Medical Miracles for the Next Millennium, Fall 1998

That basic T-shirt isn’t only the most comfortable thing in your closet. Soon it will be the smartest. Using plastic optical fibers woven into a T-shirt, engineers at the Georgia Institute of Technology have come up with a "wearable motherboard" which can monitor heart rate, temperature, respiration and other bodily functions. Some vital signs can be monitored directly by sensors woven into the shirt; for other functions, a person fastens sensors to his or her body - the kind used in electrocardiograms, for example -and attaches them to the T-shirt with snaps. The signals can be transmitted to a receiver in a watch or bounced to a satellite and then back down to anywhere on earth.

The smart shirt was developed for the armed services as a way of tracking the health of soldiers on the battlefield. Medics miles away can find out immediately when a soldier goes down and how bad his injury is. Sensors can locate a gunshot wound and monitor vital signs while the medics travel to the scene. Tiny microphones in the shirt can instantly put caregivers in contact with the injured.

Dr, Sundaresan Jayaraman, head of the research team at Georgia Tech, hopes to infiltrate civilian society with this technology within five years. A postoperative patient could continuously be monitored as he recovers at home. Attendants in nursing homes could keep a closer watch on multiple patients. And law enforcement officers could wear the T-shirts while on their beats and be monitored back at headquarters.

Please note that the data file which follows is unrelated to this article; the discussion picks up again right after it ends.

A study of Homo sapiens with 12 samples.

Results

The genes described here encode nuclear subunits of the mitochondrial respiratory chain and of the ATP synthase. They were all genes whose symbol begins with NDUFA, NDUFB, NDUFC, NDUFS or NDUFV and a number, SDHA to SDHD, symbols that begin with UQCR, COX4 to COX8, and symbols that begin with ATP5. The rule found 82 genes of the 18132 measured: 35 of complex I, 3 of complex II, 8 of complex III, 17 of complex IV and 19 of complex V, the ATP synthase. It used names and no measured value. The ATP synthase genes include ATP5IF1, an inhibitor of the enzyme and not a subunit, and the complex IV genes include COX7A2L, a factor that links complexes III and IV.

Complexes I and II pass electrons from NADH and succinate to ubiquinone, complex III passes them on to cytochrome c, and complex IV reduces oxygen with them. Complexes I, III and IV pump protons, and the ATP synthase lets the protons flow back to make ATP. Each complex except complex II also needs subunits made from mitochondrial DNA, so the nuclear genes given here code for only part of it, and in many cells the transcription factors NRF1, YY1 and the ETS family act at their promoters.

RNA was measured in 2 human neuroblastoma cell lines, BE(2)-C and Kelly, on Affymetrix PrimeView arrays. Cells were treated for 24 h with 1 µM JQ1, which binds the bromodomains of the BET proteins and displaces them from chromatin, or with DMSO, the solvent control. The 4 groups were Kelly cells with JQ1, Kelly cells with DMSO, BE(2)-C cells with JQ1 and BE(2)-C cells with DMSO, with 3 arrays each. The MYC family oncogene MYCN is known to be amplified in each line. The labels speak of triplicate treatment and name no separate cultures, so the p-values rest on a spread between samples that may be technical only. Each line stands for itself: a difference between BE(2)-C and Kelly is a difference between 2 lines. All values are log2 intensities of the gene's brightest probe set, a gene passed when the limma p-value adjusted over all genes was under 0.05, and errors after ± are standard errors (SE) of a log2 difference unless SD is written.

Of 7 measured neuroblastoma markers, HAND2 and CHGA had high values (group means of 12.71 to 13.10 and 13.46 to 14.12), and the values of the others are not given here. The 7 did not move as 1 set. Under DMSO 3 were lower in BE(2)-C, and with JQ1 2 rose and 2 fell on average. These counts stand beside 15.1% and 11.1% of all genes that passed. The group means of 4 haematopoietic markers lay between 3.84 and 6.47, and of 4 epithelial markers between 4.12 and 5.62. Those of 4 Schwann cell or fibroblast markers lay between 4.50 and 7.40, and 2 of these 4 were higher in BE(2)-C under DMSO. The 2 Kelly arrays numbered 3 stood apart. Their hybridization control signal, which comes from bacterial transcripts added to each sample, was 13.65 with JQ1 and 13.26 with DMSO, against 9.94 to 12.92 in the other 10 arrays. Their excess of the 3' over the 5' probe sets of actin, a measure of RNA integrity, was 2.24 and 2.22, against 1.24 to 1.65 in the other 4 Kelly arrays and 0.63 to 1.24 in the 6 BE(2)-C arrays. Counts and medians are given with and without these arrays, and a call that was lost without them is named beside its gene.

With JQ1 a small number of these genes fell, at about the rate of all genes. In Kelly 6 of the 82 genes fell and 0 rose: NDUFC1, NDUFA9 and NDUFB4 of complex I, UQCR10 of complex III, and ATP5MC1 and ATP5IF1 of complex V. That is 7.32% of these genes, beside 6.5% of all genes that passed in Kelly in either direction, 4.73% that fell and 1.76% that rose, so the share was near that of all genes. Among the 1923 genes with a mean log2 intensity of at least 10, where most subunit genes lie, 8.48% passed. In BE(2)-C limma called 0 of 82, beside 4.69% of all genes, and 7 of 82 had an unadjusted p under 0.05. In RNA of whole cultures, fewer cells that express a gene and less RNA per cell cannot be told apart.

"I can plug into any kind of sensor to monitor anything," says Jayaraman, suggesting applications for athletes concerned about stress or for parents concerned about sudden infant death syndrome,"This could be as ubiquitous as a home-alarm system."

The cost of the shirt? Astonishingly, Jayaraman says, it won’t be more that $35 (sensors not included). For those with a taste for something more expensive, there’s the Harry Winston "Heartthrob" broach. Sensors in the rubies make the gems glow with every heartbeat. Price tag: a cool $500,000.